MEDFORD, ORE. – An Oregon branch of the Brazilian church Santo Daime claims in federal court that the United States is unconstitutionally threatening to arrest its members if they import or drink the ceremonial, psychoactive Ayahuasca tea, or Daime. The tea contains trace amounts of the Schedule 1 drug DMT. “It is believed that only by taking the tea can a Church member have a direct experience with Jesus Christ,” the lawsuit states.
Drinking the tea has been part of Santo Daime’s religious sacraments since the church’s founding in the 1920s by the Brazilian Mestre Irineu. “The taking of Daime sacrament is necessary for the Church to conduct its services,” the lawsuit states.
The plaintiffs say the United States unlawfully confiscated a shipment of Daime tea sent from the church in Brazil to the Oregon church’s spiritual leader Jonathan Goldman in 1999. Federal agents arrested Goldman and searched his home, according to the lawsuit, but no charges were ever filed against him.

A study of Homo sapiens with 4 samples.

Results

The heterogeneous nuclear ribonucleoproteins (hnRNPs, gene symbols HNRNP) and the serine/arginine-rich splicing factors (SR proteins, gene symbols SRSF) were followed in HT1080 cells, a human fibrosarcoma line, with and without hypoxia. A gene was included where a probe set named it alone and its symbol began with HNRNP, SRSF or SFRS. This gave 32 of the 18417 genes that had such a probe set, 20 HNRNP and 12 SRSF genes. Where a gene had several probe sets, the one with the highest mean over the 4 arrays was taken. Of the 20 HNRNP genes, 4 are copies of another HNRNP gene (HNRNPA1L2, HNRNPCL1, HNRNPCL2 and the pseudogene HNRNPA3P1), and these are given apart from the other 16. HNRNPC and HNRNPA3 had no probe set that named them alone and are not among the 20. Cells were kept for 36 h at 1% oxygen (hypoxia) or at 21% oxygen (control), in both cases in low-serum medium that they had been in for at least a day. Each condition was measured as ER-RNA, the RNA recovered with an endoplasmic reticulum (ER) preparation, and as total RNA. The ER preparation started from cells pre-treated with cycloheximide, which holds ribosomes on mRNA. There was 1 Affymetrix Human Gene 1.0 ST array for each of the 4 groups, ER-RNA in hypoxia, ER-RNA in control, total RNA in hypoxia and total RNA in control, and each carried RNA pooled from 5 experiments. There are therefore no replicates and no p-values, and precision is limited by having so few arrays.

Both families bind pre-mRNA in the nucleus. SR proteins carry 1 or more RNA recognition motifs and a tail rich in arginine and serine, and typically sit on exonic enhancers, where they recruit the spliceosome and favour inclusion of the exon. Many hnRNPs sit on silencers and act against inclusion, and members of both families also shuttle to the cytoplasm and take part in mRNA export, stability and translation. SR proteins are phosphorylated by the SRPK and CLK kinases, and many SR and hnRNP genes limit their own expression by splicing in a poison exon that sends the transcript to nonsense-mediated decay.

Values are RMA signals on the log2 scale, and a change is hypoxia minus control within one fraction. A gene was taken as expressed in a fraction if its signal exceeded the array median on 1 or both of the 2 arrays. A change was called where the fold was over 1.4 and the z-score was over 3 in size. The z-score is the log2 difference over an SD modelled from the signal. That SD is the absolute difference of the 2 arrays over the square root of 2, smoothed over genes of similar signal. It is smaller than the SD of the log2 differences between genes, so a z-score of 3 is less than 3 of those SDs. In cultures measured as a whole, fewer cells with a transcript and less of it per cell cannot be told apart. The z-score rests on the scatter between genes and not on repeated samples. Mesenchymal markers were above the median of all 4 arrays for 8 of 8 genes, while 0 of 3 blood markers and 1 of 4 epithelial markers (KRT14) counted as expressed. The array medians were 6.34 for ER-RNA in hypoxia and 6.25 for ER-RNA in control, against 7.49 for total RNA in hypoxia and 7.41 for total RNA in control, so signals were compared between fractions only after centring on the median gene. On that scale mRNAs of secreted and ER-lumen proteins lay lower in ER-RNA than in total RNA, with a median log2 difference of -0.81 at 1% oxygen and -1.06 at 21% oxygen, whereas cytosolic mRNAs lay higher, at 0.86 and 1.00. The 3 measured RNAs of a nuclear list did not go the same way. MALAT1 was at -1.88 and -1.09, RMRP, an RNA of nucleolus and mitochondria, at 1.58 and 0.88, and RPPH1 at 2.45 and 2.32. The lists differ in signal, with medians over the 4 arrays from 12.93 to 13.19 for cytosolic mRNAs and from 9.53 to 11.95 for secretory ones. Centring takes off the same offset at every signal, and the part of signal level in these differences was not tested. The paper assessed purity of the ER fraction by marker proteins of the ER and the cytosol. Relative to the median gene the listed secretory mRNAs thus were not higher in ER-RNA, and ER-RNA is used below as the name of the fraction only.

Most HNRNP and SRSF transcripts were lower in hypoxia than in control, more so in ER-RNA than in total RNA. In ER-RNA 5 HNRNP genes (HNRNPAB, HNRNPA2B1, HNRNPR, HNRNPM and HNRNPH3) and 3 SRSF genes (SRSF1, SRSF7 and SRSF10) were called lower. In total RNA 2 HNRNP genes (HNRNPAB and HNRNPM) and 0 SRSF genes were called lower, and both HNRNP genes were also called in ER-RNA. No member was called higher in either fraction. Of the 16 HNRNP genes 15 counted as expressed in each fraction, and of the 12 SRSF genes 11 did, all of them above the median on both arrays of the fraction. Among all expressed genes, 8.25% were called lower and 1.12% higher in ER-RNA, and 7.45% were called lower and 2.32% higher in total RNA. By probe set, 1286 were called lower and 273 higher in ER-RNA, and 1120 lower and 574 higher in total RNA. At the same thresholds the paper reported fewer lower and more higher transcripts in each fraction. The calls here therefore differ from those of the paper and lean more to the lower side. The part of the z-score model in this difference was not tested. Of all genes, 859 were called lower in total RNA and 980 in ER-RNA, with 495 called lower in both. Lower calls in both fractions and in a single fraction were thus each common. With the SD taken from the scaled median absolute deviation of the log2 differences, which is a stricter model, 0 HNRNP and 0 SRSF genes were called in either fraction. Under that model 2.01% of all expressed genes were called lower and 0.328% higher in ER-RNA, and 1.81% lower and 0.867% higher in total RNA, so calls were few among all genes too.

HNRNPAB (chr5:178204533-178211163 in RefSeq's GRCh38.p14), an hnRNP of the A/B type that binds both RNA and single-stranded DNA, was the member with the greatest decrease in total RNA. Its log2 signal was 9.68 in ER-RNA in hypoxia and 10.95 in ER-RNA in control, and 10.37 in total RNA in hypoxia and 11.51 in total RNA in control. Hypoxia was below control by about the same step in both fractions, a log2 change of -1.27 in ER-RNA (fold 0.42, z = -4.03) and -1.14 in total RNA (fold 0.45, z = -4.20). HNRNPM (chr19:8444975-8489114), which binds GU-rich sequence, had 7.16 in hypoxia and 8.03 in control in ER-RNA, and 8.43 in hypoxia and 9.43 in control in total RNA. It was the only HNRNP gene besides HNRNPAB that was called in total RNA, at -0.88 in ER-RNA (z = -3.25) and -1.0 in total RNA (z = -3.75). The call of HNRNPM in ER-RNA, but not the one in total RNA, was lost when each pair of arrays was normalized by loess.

The plaintiff, the Oregon branch of Santo Daime, called The Church of the Holy Light of the Queen, is a Christian church with a small congregation in Bend, Ore. The Santo Daime church is officially recognized in Brazil, where consumption of the tea is allowed.
The religion originated in Peru, Bolivia and Brazil, where founder Irineu traveled and conducted spiritual ceremonies using the tea which comes from plants found in the Amazon. Indigenous tribes have used Ayahuasca tea for thousands of years.
In the U.S. Supreme Court case Gonzales v. O Centro Espirita Beneficente Uniao de Vegetal, the court ruled in 2006 that the federal government had wrongfully confiscated a shipment of the tea to a Santo Daime church branch in New Mexico.
The Oregon-based Santo Daime church, which is represented by Roy Haber, seeks a judgment allowing it to import and drink the tea and a judgment that the federal government wrongfully searched Goldman’s home.